AVIANO, Italy — D.J. Richardson scored 11 points to lead Illinois past West Virginia 47-26 in a men's basketball scrimmage Wednesday at Aviano Air Base.
Richardson hit all five of his shots as Illinois sank 20 of 32 from the field, including 5 of 8 from three-point range. The Illini had 15 assists on 20 baskets.
Myke Henry had seven points on 3-of-5 shooting, and Sam Maniscalco added two three-pointers and four assists in the 20-minute contest.
The Illini also had a 10-minute scrimmage against the Aviano varsity, winning 26-12. West Virginia defeated Aviano 25-7. The three squads also participated in a dunk contest, won by Illinois' Joseph Bertrand.
Illinois faces Castellanze Select at noon Thursday in Como.
In men's gymnastics:
Illinois' Maestas eighth. This ought to get the rest of the world's attention.
Danell Leyva edged world bronze medalist Jonathan Horton on Wednesday in the first day of competition at the U.S. gymnastics championships, and the U.S. men showed they might just have the goods to back up their big talk about next summer's London Olympics.
Leyva's total of 92.5 put him more than two points ahead of Horton — though Leyva's score was bolstered by a monster 16.9 on high bar that included bonus points awarded by USA Gymnastics to encourage the men to beef up their routines. Horton, trying to become the first three-time winner since 2004 Olympic champion Paul Hamm, finished with 90.4 points. Steve Legendre was third with 89.4 points, and former U.S. junior champ John Orozco had 89.2. Illinois' C.J. Maestas was eighth with 87.35, led by a fourth-place standing on rings (14.85). The Illini's Tyler Mizoguchi scored a 15.7 on vault to help him to a tie for 15th in the all-around (84.9). Paul Ruggeri (83.6) was 21st, and Austin Phillips (80.4) was 30th.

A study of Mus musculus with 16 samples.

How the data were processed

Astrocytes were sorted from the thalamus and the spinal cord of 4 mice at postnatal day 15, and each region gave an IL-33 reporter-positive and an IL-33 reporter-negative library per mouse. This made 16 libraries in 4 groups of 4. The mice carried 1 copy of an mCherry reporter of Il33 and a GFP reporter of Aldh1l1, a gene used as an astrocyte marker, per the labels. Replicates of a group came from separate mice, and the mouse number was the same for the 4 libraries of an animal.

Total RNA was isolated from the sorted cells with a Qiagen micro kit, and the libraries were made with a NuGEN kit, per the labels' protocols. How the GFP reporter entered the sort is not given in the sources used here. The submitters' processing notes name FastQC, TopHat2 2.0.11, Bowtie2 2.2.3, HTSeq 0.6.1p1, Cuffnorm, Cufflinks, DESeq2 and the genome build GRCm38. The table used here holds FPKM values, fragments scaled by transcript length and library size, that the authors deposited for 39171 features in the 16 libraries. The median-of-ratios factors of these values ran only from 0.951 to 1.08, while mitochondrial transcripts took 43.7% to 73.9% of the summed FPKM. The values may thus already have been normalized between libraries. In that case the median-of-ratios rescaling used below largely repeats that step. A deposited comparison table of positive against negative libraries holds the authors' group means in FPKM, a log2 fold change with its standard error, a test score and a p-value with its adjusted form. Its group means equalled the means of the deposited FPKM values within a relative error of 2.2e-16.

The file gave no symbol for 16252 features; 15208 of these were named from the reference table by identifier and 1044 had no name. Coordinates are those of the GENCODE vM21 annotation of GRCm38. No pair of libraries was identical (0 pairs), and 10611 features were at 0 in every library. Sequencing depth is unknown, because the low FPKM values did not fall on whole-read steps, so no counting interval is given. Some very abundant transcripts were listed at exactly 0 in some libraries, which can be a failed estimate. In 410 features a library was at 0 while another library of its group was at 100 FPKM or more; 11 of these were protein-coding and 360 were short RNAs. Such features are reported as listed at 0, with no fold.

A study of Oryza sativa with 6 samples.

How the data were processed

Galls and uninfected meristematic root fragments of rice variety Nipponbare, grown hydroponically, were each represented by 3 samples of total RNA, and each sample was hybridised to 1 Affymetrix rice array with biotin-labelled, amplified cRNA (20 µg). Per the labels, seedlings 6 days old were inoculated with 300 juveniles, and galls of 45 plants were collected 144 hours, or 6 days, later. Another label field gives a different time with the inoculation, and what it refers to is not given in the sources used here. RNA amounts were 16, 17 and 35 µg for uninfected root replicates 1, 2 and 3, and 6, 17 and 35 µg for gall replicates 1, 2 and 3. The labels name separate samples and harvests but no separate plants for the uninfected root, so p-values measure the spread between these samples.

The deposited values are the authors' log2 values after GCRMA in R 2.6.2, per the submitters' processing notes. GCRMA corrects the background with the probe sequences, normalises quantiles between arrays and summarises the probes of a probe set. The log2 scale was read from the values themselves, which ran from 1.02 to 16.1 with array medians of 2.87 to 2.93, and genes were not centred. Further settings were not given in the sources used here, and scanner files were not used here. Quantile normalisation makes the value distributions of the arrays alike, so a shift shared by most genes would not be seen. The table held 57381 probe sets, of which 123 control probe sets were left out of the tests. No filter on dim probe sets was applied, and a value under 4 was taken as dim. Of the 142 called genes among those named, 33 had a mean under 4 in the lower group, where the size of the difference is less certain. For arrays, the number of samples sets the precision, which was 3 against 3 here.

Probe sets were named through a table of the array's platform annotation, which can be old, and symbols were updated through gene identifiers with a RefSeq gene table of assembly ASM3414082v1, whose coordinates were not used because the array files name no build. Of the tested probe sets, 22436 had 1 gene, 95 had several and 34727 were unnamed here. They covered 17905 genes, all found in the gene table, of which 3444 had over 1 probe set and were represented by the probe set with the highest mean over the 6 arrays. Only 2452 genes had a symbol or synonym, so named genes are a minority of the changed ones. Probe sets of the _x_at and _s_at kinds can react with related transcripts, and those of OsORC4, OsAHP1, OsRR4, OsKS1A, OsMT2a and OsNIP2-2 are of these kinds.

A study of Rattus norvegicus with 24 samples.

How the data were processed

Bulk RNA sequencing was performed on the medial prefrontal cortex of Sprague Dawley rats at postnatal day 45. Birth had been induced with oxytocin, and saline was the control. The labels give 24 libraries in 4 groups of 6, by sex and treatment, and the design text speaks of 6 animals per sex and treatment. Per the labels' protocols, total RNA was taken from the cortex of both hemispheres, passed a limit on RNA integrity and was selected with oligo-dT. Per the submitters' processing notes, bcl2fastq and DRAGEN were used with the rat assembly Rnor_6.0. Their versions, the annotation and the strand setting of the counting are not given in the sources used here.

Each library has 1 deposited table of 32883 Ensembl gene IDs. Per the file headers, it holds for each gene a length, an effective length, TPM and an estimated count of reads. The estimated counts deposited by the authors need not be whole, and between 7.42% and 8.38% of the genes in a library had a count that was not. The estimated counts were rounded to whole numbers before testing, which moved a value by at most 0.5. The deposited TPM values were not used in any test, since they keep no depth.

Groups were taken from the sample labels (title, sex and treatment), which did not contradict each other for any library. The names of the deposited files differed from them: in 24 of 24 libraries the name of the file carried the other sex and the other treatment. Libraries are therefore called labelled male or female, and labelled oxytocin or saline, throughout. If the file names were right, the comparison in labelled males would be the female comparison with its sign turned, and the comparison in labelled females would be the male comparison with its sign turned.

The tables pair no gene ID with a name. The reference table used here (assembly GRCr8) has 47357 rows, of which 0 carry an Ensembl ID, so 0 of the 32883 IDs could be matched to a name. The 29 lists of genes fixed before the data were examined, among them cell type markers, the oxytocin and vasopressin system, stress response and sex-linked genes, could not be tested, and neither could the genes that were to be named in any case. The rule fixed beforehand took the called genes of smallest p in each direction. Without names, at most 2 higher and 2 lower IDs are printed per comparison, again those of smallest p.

The men's final is Friday night.
Though they haven't won a world medal since 2003, the Americans have been saying the last few years they think they can challenge for the gold medal in London. That's a tall order, but they displayed the kind of polish and tough tricks they'll need if they're going to have any chance of making a run at the Japanese and Chinese. And they did it at nationals, a meet that's usually tense and filled with major errors.